Via Leiter I see the very sad news that Brian Barry is dead. As anyone who knew him can tell you Brian was some sort of force of nature; irascible, funny, impatient, kind, clever and subtle, but sometimes obtuse and sledgehammering. A founder of analytical political philosophy, who became irritated by its unworldliness, and who moved, as far as I can tell, from the middle of the political spectrum gradually but relentlessly to the left, while the world determinedly moved the other way. And he was verbose. Polity got me to read an early version of Why Social Justice Matters, telling me that it was commissioned to be 30,000 words long…… (by the way, that manuscript was the first time I saw Unequal Childhoods cited, which means he must have read it, and written about it, within days of its publication—so much for his early advice to me that “in this life you either read, or you write, you can’t do both”).
The last time I saw him was on a flying visit to Swift, when he and Anni dropped in, almost (but not quite) without warning, for a drink. It was an unexpected pleasure to see them, and Brian dominated the conversation, as he sometimes did. He’d recently been in the States and had visited his ex-wife, to see her for the last time. She had joined a religious community, which was not quite Trappist, but committed to speaking only when necessary. Both Adam and I had to suppress a giggle that someone who must once have been surrounded by words should go to such lengths to turn her back on them.
Many readers will only know him for his public performances, which were often witty, but also usually pugnacious and sometimes ill-tempered. Even I, who knew him not well, but well enough, and was on the receiving end of a great deal of kindness and support from him, found the following story, which I can’t attribute for an obvious reason, surprising. At a post-lecture party, a female graduate student (from whom I heard this) found herself in a corner with a male professor who started making very unwelcome advances that were not obvious from a distance. Brian, from across a crowded room, noticed, and quietly made his way to them, and subtly engaged said professor in conversation. He never spoke to her about the incident, which she interpreted not as him feeling uncomfortable, but as his being sensitive to the fact that she didn’t want to discuss it.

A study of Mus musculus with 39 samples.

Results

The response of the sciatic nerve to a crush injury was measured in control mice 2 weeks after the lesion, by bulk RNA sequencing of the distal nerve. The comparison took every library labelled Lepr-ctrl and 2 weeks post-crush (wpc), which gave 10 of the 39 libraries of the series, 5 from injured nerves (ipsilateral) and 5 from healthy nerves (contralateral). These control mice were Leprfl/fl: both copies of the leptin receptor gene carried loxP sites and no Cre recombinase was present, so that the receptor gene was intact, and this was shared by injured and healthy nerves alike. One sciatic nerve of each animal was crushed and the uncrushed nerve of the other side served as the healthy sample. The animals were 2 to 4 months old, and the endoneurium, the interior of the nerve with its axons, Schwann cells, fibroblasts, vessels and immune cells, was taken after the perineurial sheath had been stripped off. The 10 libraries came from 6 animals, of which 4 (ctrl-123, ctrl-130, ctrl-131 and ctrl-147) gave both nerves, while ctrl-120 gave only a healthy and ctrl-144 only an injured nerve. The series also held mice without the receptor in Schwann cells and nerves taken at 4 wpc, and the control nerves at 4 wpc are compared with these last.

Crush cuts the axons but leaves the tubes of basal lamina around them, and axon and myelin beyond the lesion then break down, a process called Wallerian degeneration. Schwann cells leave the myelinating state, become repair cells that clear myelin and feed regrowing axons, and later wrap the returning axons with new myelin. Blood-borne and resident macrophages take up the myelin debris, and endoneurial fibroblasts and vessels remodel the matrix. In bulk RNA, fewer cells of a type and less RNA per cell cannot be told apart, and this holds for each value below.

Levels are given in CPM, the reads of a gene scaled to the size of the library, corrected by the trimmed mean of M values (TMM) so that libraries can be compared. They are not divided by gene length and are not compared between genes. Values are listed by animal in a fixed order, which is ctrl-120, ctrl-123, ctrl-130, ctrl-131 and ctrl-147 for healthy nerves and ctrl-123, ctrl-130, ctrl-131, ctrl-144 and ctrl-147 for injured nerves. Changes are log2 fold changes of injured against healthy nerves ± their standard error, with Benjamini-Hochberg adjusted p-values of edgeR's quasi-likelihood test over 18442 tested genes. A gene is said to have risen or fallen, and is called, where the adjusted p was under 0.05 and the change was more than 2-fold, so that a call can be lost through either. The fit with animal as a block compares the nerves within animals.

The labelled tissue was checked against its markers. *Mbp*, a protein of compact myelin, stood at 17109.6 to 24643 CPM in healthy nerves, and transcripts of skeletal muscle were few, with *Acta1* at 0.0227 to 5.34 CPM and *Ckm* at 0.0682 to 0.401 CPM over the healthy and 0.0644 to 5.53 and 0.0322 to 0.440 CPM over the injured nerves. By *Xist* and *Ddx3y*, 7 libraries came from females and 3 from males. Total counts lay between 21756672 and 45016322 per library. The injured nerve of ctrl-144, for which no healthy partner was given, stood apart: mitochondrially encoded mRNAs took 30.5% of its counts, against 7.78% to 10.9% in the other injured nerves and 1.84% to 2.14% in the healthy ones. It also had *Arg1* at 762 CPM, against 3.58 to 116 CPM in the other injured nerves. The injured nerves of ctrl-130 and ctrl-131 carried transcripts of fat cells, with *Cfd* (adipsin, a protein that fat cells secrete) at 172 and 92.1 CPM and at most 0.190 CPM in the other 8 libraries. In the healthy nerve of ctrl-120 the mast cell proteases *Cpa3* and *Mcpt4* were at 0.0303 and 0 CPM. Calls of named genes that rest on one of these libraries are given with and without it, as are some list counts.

Brian told me once that he planned to stop writing at 70, and I think he more or less kept to that. So it is although a sad loss for philosophy, we probably haven’t lost writings we’d otherwise have seen. But it is a terribly sad loss for Anni, and for his many friends all over the world. And for that matter, for the world that moved right while he moved left. (Text edited in response to kidbitzer’s comment).
(UPDATES—at djw’s request, here’s the link to our post on WSJM, by Tom, not me! See also djw’s posting of a delicious, and unfortunately but typically prescient, passage from Brian’s review of Anarchy, State and Utopia). Further Update: please keep commenting. In a few days I’ll post again with links to the current thread, and to as many of the nice memories gradually emerging on the web as I can manage, and will tell Anni to have a look, because I know that she will be very pleased to see what so many people are saying. In the meantime here are Stuart White’s comments at Next Left).